Up the Garderobe

Before he attacked and seized the crown of England in 1066, William the Conqueror held the title of Duke of Normandy, a region of northern France. Throughout the rest of his reign, and of the six English kings that followed, Normandy, while technically still owing its allegiance to France, operated under English control. More than a century later, King Richard I, known as the 'Lion-Heart', built a series of castles, including the imposing Château Gaillard, in order to retain his control of Normandy. 

Built in the unusually short span of only one year, the full-sized Château Gaillard perched atop a triangular outcropping of rock overlooking the Seine River Valley northwest of Paris.  Cliffs on three sides looking over a river provided the position with a formidable natural defense, limiting entrance to the site to a sloping plateau to the south.  King Richard, a gifted engineer, instructed his workers to build a tower, called the 'inner bailey', roughly the shape of a human ear on the very edge of the cliff, which was then surrounded by a moat spanned by only one small natural bridge. Around the moat was a second wall, the 'middle bailey', itself ringed with towers and also breached by only a single gate.  Finally, the 'outer bailey', a third walled courtyard, laid beyond the middle bailey gate, again ringed with towers. Although it cost Richard a fortune, the castle appeared impregnable. 

Richard built fanatically, often joining the workmen personally.  He referred to the castle as 'his daughter', and completed its construction in 1198. Only a few months later, Richard died after being shot by a crossbow during the siege of Chalus-Chabrol. He was succeeded to the throne by his brother John, whose religious demeanor led to the construction of a hastily-built chapel within the middle bailey, and whose relative lack of experience concerning architecture and warfare explained his subsequent order to construct a garderobe, or castle latrine, adjacent to the chapel, which required a sizable opening cut in the middle bailey's wall.

King Philip II of France took advantage of King John's relative inexperience in military matters. Philip, supporting Richard and John's nephew Arthur's claim to the English throne, began a campaign to retake Normandy, and French forces laid siege to the crucial Château Gaillard in September 1203. The French army approached from the only feasible direction, the south, digging trenches and building walls of its own for protection. A daring nighttime relief mission from King John's forces failed miserably, as the foot troops arrived before the ships did, allowing the French to dismantle each element in turn.  By February 1204, King Philip's forces had managed to dig a tunnel under the outer bailey wall and collapse it, causing a breach through which their forces stormed. With this done, they were still faced with a problem: the middle bailey was reachable only by a drawbridge, which the English kept raised.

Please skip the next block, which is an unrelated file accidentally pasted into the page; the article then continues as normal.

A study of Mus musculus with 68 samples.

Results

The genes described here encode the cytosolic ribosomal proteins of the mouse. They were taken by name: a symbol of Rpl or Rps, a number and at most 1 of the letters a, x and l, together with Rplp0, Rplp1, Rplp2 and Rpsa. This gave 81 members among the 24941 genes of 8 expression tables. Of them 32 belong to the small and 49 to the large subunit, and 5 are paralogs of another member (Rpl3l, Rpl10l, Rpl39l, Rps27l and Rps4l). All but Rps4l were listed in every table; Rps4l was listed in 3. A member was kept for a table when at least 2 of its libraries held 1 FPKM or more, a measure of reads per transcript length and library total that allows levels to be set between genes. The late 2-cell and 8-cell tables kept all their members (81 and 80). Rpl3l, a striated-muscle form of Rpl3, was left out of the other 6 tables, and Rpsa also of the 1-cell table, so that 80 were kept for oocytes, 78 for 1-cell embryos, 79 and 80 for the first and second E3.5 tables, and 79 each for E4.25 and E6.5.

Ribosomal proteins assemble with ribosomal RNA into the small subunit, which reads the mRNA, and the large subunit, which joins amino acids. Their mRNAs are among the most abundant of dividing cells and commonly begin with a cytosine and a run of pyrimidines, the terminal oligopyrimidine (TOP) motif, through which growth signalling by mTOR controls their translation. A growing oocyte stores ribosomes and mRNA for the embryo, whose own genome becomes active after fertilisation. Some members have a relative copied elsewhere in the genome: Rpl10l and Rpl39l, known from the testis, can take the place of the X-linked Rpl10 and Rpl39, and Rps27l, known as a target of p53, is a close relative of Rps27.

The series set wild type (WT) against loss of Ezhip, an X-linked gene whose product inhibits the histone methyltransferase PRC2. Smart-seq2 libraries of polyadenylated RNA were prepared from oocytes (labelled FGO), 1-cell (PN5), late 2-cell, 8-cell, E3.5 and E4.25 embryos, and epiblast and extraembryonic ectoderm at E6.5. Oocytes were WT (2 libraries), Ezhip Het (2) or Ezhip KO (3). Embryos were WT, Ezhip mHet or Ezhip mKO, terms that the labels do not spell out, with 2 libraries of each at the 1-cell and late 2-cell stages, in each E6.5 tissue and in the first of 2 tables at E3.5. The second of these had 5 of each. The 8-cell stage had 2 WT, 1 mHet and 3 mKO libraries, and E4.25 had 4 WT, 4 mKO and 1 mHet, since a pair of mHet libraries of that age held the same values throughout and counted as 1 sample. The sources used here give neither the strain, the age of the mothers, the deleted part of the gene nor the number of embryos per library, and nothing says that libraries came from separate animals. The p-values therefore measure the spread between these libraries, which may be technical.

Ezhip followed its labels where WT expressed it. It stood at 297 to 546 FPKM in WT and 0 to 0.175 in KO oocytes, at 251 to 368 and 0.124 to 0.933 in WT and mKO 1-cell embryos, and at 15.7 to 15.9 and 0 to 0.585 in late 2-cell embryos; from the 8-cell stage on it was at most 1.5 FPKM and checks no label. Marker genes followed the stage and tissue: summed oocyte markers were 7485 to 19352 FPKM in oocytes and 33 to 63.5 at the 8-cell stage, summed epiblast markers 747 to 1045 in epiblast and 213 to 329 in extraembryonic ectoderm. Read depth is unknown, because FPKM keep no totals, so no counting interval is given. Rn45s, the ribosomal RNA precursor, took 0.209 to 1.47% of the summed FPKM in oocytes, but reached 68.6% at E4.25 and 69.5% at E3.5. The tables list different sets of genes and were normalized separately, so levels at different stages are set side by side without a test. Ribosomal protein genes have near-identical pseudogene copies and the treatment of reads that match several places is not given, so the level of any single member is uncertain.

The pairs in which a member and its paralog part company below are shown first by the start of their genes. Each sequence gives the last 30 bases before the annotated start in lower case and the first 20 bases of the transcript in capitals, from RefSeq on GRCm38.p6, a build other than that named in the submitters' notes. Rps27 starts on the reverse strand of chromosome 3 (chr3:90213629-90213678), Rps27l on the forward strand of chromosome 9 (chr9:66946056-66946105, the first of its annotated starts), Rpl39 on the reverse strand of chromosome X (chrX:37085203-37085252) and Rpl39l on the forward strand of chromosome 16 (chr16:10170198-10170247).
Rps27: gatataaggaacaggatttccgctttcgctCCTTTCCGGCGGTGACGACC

The French siege, and the conquest of Normandy itself, would have likely come to a screeching halt, were it not for a foot soldier from Gascony named Snubby Bogis. Snubby was creeping around the base of the middle bailey, not far from the steep cliff over the river, when he spotted the opening to the garderobe about three or four meters above ground. Realizing its implications, he got four of his companions to lift him up into the convenient hole in the wall. Emerging from the toilet, he dropped a rope and his friends climbed up after him. They crossed from the garderobe to the chapel, and found that it was locked from the outside. Thinking quickly, the five men banged on the door with their swords so hard that the English defenders thought the middle bailey had been broken and the whole army was upon them; they quickly set fire to the buildings and retreated to the inner bailey. Snubby and his friends then ran through the fire, opened the gates, and dropped the drawbridge, allowing the entire French force easy access.

The inner bailey was undermined shortly thereafter, as the natural bridge provided cover from the miners working in the moat. Château Gaillard fell to the French on March 8, and most of Normandy itself was back in undeniably French hands for the first time in almost 150 years, all due to an unguarded toilet.

Links and Sources:
"The Château Gaillard", by Thomas A. Janvier, from Harper's Magazine, volume 109, 1904.
Mediæval Military Architecture in England, Volume 1, by George Thomas Clark, Wyman and Sons, 1884.
Fighting Techniques of the Medieval World, AD 500 - AD 1500, by Matthew Bennett et. al., by Thomas Dunne Books, an imprint of St. Martin's Press, 2006
Painting of Château Gaillard by Dominique Pitte for the Les Andelys Municipal Tourism Office.

"Up the Garderobe" © 2015 by James Husband.